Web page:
Paid for product placement on TV is currently outlawed in the UK and as recently as March 2009, Andy Burnham, the Secretary of State at the time, showed no signs this was going to change. He stated he had “very serious concerns” about the relaxation of product placement laws because it was “blurring the boundaries between advertising and editorial.”. Six months on, the new Secretary of State, Ben Bradshaw, is expected to make an announcement this week at the Royal Television Society which will pave the way for relaxation of the rules on commercial television. A consultation is expected to take place over the next three months with changes, if they are to occur, being implemented next year. A change in the rules has the support of the Conservatives and the Liberal Democrats so even a change in Government next year is unlikely to affect the outcome of the consultation.

Currently producers of UK TV programmes are allowed to include “real” products as props in the production of television programmes. As a result an industry that has grown out of this need in which placement agencies are paid by advertisers to arrange for their brands to be placed into TV programmes by providing the product as a free prop to production companies. This saves the producers money as they don’t have to buy the products they need and, for the client, they get some “free” exposure for their placed product. However, due to the rules preventing undue prominence of products in programmes, the exposure brands get is normally small, uncontrolled and incidental. This, in itself, is not a problem as the money invested by the brand is usually a relatively modest fee paid to the placement agency, in return for what can be potentially high profile media exposure.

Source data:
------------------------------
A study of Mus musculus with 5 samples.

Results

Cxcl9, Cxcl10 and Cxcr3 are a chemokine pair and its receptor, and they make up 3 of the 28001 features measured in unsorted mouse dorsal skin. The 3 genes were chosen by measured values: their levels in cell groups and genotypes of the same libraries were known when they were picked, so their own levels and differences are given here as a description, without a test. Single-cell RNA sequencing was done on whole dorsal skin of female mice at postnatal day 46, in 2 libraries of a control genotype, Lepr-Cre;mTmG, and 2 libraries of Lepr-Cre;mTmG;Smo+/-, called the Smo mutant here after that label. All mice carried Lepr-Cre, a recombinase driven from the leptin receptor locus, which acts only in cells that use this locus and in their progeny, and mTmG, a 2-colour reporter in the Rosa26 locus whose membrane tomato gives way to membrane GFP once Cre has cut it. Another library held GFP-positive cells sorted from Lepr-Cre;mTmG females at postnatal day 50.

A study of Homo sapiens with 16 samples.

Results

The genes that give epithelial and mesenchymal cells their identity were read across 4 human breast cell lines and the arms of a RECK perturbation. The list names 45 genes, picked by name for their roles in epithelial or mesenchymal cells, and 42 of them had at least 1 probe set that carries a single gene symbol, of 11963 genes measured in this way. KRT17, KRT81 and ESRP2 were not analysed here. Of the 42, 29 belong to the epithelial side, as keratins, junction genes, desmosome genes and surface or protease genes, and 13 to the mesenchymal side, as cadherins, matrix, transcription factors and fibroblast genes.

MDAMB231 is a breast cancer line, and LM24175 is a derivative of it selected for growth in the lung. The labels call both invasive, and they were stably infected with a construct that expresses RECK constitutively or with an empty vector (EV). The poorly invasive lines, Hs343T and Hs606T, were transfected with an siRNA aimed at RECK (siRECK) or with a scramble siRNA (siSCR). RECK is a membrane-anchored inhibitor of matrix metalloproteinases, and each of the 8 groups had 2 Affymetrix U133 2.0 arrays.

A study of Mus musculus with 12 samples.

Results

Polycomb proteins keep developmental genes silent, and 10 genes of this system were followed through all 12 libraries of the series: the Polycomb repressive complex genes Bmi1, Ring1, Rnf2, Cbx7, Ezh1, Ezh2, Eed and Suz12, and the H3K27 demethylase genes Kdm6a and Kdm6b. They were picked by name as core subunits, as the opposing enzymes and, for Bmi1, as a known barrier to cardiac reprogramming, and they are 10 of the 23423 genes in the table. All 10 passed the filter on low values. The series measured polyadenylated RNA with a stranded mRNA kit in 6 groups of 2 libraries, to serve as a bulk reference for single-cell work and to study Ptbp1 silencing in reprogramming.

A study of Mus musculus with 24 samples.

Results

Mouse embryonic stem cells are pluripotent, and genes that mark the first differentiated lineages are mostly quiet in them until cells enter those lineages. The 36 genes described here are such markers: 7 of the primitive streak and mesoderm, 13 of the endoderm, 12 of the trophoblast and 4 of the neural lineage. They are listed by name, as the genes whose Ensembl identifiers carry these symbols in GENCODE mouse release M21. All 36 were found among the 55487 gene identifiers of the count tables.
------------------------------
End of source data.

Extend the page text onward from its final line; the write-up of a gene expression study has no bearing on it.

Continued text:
What might happen?
At this point no one knows what the Government policy will be on this matter as they seem set to take a significant u-turn in the space of just six months. It seems, however, increasingly likely that some form of paid for placement will be allowed on commercial TV from some time next year. In other words, brands will be able to pay for the right for their product to be featured in the programme, in return for a certain set of contracted rights and benefits from the producer of the programme. This has divided the commercial television broadcasters with ITV keen to see the rules relaxed, whilst the likes of Channel 4 and many of the others less enthusiastic. ITV are the broadcaster and the producer in many cases, while the others are largely just broadcasters who are commissioning the programmes for the independent producers - it’s more difficult for them to see the commercial benefits.

The Arguments in favour of relaxation are;
• Product placement already exists in Film and imported US TV programmes which are broadcast, unedited, in the UK. Viewers are used to it and it levels the playing field for UK producers
• Content broadcast online is not regulated and product placement is common place in dramas such as Kate Modern and Sophia’s Diary
• Real products lend credibility to programmes; it makes the programmes more “real”
• Product placement in programmes gives credibility to brands
• It can help change consumer behaviour by allowing advertisers to demonstrate how they want their products to be used e.g. new mobile phone functions
• Media exposure can be easily measured and priced
• Advertisers who fund TV shows will be able to include their products

The Arguments against are;
• It will blur the lines between editorial and advertising causing viewer confusion and/or cynicism
• Editorial integrity will be compromised by the demands of the advertisers who have their products placed
• The use of the product is not controlled so that clients run the risk of inappropriate use of their product or it being placed in a bad light e.g. brake failure on a car, skin issues from cosmetics etc
• You might be able to put a price on exposure but if it’s subliminal how do advertisers put a value on its effectiveness?
• Paid products placed in programmes could be ambushed by brands who sponsor the programme unless safeguards are put in place
• Logistically and contractually complex to deliver
• A marginal commercial benefit for significant editorial compromises

Figures of £100 million in product placement revenues have been banded around, but this seems to be a long term goal. If this iniative is allowed, this is good news for ITV revenues and therefore shareholders though the actual effect on the bottom line may not be felt to a great extent for many years.